The International Association of Machinists and Aerospace Workers (IAM) has filed a complaint in federal court in an attempt to block Pratt & Whitney from moving 830 union jobs out of Connecticut. All told, Pratt & Whitney’s plans to close its engine repair shop in Cheshire, Conn., by early 2011 and move some work from its East Hartford facility starting during next year’s second quarter to Singapore, Japan and Columbus, Ga., will result in the loss of some 1,000 positions.
The union said in court papers filed in U.S. District Court in Hartford that the engine company acted in bad faith by failing to make “every reasonable effort” to keep employment at its current level. The sides met several times over the past weeks, but failed to reach a settlement.
The state of Connecticut this month offered Pratt & Whitney some $100 million worth of incentives over five years in an effort to keep the jobs in the state. The offer included lifting a cap on tax credits for parent company United Technologies, establishing a tax credit for job retention and training assistance, as well as plant and equipment investments.
According to the court complaint, Pratt & Whitney told the union it would accept a package of concessions that would save the company $53.8 million a year. However, the proposal would have required reopening the union’s current agreement and extending it for another three years. The union argues that Pratt & Whitney knew that it couldn’t agree to the extension without going through an “extensive” process involving negotiating committees from each of the three Connecticut plants.
Although the sides met on several occasions and agreed to some modifications to the deal, the union claims that Pratt didn’t make “every reasonable effort” to preserve either the Cheshire engine overhaul and repair work or the East Hartford turbine airfoil repair work.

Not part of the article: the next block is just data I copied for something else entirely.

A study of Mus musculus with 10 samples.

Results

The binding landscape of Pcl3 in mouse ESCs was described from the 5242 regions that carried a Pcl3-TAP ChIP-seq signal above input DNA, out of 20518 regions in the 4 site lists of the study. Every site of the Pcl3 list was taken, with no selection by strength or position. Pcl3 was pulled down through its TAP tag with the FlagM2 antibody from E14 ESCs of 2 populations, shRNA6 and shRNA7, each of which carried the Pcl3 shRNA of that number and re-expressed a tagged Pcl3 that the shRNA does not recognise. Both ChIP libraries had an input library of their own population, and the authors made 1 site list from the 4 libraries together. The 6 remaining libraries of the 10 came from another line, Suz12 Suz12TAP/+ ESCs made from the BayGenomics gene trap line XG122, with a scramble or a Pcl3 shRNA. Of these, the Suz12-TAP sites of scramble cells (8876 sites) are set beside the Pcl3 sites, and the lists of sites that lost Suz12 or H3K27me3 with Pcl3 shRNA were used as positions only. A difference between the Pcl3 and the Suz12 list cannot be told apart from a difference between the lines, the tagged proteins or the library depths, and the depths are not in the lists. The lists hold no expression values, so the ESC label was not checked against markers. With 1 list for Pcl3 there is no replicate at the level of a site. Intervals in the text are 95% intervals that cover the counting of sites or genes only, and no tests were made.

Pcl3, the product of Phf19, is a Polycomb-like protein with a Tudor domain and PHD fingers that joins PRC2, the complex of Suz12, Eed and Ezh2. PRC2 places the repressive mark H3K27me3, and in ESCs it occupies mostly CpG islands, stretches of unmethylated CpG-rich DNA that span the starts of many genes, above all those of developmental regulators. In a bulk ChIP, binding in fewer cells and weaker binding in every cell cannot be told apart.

Pratt & Whitney, for its part, insisted it did all it could to reach a deal with the union. “As we have made clear, the decision to close these facilities was made only after making every effort to identify alternatives that would make these businesses competitive,” it said in a statement. “We have followed the process outlined in the collective bargaining agreement and we genuinely made an honest, good faith effort to preserve the work in Connecticut.
“The company explored all options to preserve this work including assigning millions in extra value to options that kept jobs in Connecticut; holding some 20 separate meetings with the IAM; making ourselves available 24/7 to meet; extending the meet-and-confer period for one week at the union’s request; presenting a reasonable proposal to union leadership that would have kept this work in Connecticut, which the leadership rejected without holding a vote of union membership; and meeting with local, state and federal officials to discuss options and alternatives.
“Unfortunately, the reality we are facing is a dramatic and sustained drop in volume, a shifting customer base and a declining aerospace market,” Pratt added. “We expected volume to be down 40 percent in Cheshire next year, and are seeing deterioration faster than anticipated. The only way to keep work here is to be competitive.”